QC pursues new seal deal with Makivik and Sakku
Though an agreement with a Chinese firm has fallen through, the Qikiqtaaluk Corporation is pursuing a new seal marketing deal with development corporations in Nunavik and Kivalliq.
IQALUIT — A much-touted deal to revive the seal industry in Nunavut has collapsed.
But Baffin’s Qikiqtaaluk Corporation is now pursuing a new deal with Nunavik’s Makivik Corporation and the Kivalliq region’s Sakku Corporation.
A partnership between QC and a Chinese company to harvest and process seals for markets in China fell apart last month.
China Heilongjiang International Project and Technical Co-operation Group Corporation (CHPT) and QC signed a memorandum of understanding last year in which the Inuit birthright corporation would invest 60 per cent and CHPT would invest 40 per cent in a joint deal to sell seal meat and oil in China.
“Unfortunately, CHPT, for whatever reason, has chosen not to invest their 40 per cent into this new venture,” Ell said this week.
Ell said though no reason was given, staff from his office who visited CHPT’s operation in Harbin, China last December expressed concern about the company’s capacity to see the deal which would have seen about 20,000 seals harvested in the first year.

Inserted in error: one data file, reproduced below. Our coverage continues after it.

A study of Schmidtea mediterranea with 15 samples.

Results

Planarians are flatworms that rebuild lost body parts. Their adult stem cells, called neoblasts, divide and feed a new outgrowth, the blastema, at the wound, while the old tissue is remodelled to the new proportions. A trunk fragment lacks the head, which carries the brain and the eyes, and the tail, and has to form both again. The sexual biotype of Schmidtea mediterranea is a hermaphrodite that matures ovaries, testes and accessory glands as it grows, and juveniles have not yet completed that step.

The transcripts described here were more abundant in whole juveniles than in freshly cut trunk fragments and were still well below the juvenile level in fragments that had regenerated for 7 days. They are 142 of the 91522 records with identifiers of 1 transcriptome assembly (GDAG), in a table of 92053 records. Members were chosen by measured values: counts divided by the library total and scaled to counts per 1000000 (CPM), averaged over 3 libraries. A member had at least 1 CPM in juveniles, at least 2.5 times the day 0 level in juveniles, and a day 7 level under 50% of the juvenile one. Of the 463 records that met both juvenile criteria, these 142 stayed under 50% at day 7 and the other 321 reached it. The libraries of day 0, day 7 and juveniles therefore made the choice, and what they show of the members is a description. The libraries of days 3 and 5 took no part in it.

Ell added he felt the deal start to collapse in late January after a meeting in Toronto with CHPT officials.
“When we were talking dollars, they would shy away from the subject,” he explained.
QC spent about $60,000 pursuing the deal with CHPT.
New deal with Makivik and Sakku
In mid-February, QC’s board of directors voted to cancel the deal with CHPT and pursue a similar deal with Makivik Corporation from Nunavik, and Sakku Corporation from Keewatin.
“We’re moving a little slower,” Ell now says, admitting the deal hoped for with the Chinese was too much, too soon.
Makivik’s Pita Ataami and Sakku’s Joe Kaludjak were expected to meet with Ell this week in Iqaluit to finalize a shareholders’ agreement in which each corporation would invest one-third in the venture. The agreement would establish the Natsiq Investment Corporation and likely set up a processing plant in Iqaluit.
“So far, they’ve indicated they’re willing to set up shop anywhere,” Ell said of Makivik’s interest in the venture.
Ell said a study being completed this month should detail the infrastructure in place to transport seals and seal products and indicate financial investments needed to harvest 20,000 seals, a number Ell is still touting as the goal.